Document Type

Full Issue



Editor's Introduction by Melissa S. Dale

Within this issue, we share three examples of the latest research on cultures of dress, clothing, fashion and the formation of identity in the Asia Pacific region. These articles reveal the innovative work that scholars are currently pursuing in this area of research, ranging from the history of the tattooing in Japan, to fashion exchange between China and Mozambique, to the phenomena known as cosplay.

Fashioning Tattooed Bodies: An Exploration of Japan's Tattoo Stigma by John M. Skutlin

This article uses a cultural anthropological approach to examine tattooing stigma in contemporary Japan, particularly in terms of how the stigma has developed and how tattooed individuals engage in various legitimation maneuvers to cope with it. Tattooing has a long history in Japan, and tattoo culture saw a major efflorescence in the Edo period (1603-1868). However, unlike many Western countries, where most tattoos are widely accepted as expressions of individual style and aesthetics, a confluence of historical and cultural factors have resulted in a general antipathy to the practice in Japan, particularly due to its association with yakuza organized crime groups. As increasing numbers of young people go under the needle for what they see as artistic “fashion tattoos,” reconciliatory strategies must be deployed in order to maintain social cohesion and assure adherence to group norms even while violating them. Through historical accounts and ethnographic data, this paper thus elucidates the complicated nature of stigma in Japan and the specific ways in which individuals fashion both their bodies and their strategies to legitimize themselves, showing how efforts to conceal tattoos – even when only partially successful – can be an effective means of reconciling themselves with the general society around them.

"It Is Good to Have Something Different": Mutual Fashion Adaptation in the Context of Chinese Migration to Mozambique by Johanna Von Pezold

Based on ethnographic field research in the Mozambican capital Maputo, this article explains why and how contemporary Chinese migrants and Mozambicans adopt elements of each other’s fashion. Due to their variety and good quality-price ratio, Chinese fashion products are increasingly well-received by Mozambicans. In search of novel additions to their own style, both Chinese and Mozambicans become attracted by the exotic appeal of what they consider “typical” of the other culture. Unlike the situation in many colonial and post-colonial contexts, Chinese-Mozambican fashion adaptation is motivated by the desire to achieve a novel, distinct, and fashionable individual look, rather than by the wish to express progressivity or employability. This study demonstrates that the adaptation of fashion elements in the Chinese-Mozambican context has specific characteristics that distinguish it from fashion exchanges between Western and non-Western countries. Moreover, it shows that China indeed has “low” cultural soft power in the form of fashion.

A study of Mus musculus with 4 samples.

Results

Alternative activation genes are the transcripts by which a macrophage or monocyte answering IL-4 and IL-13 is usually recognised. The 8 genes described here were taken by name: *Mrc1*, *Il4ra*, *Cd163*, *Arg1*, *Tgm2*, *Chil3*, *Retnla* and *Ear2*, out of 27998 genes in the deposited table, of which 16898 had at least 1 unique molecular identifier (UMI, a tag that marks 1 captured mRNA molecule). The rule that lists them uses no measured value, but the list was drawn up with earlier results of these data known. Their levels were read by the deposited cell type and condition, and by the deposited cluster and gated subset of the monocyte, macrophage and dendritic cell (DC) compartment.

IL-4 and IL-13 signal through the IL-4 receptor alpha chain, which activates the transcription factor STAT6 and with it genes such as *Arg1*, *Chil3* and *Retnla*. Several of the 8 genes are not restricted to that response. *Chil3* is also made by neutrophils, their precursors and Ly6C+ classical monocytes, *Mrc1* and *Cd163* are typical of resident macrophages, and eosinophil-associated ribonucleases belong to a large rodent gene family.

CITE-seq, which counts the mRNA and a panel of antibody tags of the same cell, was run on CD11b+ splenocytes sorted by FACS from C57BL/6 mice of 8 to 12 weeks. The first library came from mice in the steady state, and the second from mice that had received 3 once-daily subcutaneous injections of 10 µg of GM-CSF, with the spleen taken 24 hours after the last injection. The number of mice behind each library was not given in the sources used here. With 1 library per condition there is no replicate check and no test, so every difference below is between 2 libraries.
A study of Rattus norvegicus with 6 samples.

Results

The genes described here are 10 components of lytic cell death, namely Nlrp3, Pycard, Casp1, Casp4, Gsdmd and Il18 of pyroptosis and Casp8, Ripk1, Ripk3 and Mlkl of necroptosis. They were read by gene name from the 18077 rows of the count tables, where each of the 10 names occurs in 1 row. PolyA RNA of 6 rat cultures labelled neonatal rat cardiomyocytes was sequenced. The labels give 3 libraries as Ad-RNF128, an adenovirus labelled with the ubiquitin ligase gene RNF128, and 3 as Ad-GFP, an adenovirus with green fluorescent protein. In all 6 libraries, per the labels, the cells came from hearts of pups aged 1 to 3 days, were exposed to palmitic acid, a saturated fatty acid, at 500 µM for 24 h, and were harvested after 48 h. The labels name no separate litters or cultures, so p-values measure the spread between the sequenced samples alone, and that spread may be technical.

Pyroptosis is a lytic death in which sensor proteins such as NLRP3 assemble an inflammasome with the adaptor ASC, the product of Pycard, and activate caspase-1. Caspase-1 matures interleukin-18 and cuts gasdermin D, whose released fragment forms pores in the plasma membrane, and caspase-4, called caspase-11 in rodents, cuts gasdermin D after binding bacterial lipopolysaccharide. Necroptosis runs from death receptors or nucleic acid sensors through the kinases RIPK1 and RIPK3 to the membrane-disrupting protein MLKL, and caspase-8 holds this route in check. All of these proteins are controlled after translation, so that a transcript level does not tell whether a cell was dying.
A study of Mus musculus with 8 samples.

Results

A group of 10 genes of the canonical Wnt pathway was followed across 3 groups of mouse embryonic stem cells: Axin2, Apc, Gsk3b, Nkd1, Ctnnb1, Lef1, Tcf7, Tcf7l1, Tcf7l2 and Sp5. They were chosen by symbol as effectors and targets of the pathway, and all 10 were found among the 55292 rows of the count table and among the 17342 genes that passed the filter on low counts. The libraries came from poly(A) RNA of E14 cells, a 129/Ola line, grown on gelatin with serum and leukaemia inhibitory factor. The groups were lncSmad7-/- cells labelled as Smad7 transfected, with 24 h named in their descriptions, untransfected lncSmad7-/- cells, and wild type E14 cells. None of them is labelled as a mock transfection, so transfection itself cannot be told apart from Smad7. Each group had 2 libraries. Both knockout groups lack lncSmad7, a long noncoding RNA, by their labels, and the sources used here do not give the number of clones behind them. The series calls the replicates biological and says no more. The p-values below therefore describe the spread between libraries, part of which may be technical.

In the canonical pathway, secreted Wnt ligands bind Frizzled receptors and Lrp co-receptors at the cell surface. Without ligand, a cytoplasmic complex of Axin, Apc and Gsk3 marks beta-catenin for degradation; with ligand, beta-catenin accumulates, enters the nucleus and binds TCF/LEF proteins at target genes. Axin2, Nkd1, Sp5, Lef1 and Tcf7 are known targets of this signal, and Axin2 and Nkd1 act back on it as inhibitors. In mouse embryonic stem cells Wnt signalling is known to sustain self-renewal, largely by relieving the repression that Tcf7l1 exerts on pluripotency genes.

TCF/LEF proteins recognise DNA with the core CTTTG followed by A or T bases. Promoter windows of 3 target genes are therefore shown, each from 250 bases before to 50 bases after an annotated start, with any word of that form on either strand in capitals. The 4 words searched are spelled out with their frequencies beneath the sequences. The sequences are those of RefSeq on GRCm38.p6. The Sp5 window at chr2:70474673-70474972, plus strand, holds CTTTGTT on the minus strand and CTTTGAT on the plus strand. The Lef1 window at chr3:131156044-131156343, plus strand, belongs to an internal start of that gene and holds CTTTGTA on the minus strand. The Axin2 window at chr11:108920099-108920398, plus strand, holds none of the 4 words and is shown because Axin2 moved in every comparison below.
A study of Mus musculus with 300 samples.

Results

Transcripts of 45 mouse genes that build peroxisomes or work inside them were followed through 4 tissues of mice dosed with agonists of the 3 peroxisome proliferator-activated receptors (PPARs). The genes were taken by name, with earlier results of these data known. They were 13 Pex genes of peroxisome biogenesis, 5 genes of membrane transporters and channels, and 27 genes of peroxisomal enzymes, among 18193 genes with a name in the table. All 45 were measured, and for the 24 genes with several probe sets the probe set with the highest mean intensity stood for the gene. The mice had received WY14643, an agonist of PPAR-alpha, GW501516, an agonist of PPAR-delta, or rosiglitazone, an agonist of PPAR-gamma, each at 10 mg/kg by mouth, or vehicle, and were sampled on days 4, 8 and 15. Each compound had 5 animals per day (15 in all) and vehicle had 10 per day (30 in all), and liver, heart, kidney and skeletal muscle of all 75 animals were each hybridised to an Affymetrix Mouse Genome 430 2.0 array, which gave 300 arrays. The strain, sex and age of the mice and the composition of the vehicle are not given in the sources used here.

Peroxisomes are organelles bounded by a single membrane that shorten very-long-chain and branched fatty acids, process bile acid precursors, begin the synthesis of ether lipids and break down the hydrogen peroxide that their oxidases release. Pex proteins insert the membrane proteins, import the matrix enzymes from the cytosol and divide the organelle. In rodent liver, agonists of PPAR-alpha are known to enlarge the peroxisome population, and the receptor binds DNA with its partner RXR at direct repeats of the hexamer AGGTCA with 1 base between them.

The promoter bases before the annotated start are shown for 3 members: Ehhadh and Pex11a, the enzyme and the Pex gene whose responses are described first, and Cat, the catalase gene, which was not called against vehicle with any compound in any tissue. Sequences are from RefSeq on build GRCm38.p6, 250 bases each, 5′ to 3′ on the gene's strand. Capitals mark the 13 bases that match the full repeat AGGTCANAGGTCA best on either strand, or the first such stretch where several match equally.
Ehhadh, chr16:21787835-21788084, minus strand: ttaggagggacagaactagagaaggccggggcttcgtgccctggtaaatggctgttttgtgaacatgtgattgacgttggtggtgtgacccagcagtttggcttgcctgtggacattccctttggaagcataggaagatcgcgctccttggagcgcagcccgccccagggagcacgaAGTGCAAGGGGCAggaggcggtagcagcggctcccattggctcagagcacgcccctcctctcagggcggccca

Fashioning the Embodied Liminal/Liminoid Self: an Examination of the Dualities of Cosplay Phenomenon in East Asia by Anne Peirson-Smith

This paper will examine reasons for the rapidly developing cosplay phenomenon in East Asia by focusing on the cosplayer’s experience of the ritualized, embodied performance aspects of this contemporary play activity and its use or creation of liminal spaces and liminality to facilitate and accommodate it. Also, the paper will suggest that cosplay is a manifestation of the participatory need to fashion and inhabit new personal and social territories through the use of the fashioned body, aided by crafted artifacts, and undertaken in bounded play spaces. These practices enable the cosplayer to inhabit and occupy liminal zones, thereby transcending the pressures of their ordinary, everyday existence. This form of individual sense-making and collective agency is based on lived experience and situated practice, where the human body represents multiple discursive possibilities. This article intends to shed light on the motivations behind this type of spectacular dressing up or fashioned practice by offering an empirically based explanation of why given communities of practice spend their time and money on these sartorial behaviors. This article further hopes to advance knowledge about the reasons for dressing up in general, and for cosplay in particular.

Fashion, Identity, and Power in Modern Asia (2018), Kyunghee Pyun and Aida Yuen Wong, editors (Review) by Barbara Molony

In this issue's book review, Barbara Molony introduces us the Kyunghee Pyun and Aida Yuen Wong's edited volume, Fashion, Identity, and Power in Modern Asia (Palgrave Macmillan, 2018). Their collection of 14 essays explores "the intersection of Western clothing, accessories, hair fashions, and fabrics with existing local versions of those aspects of dress and representation of the body" through the themes of garments and uniforms, accessories, fabrics, and fashion styles.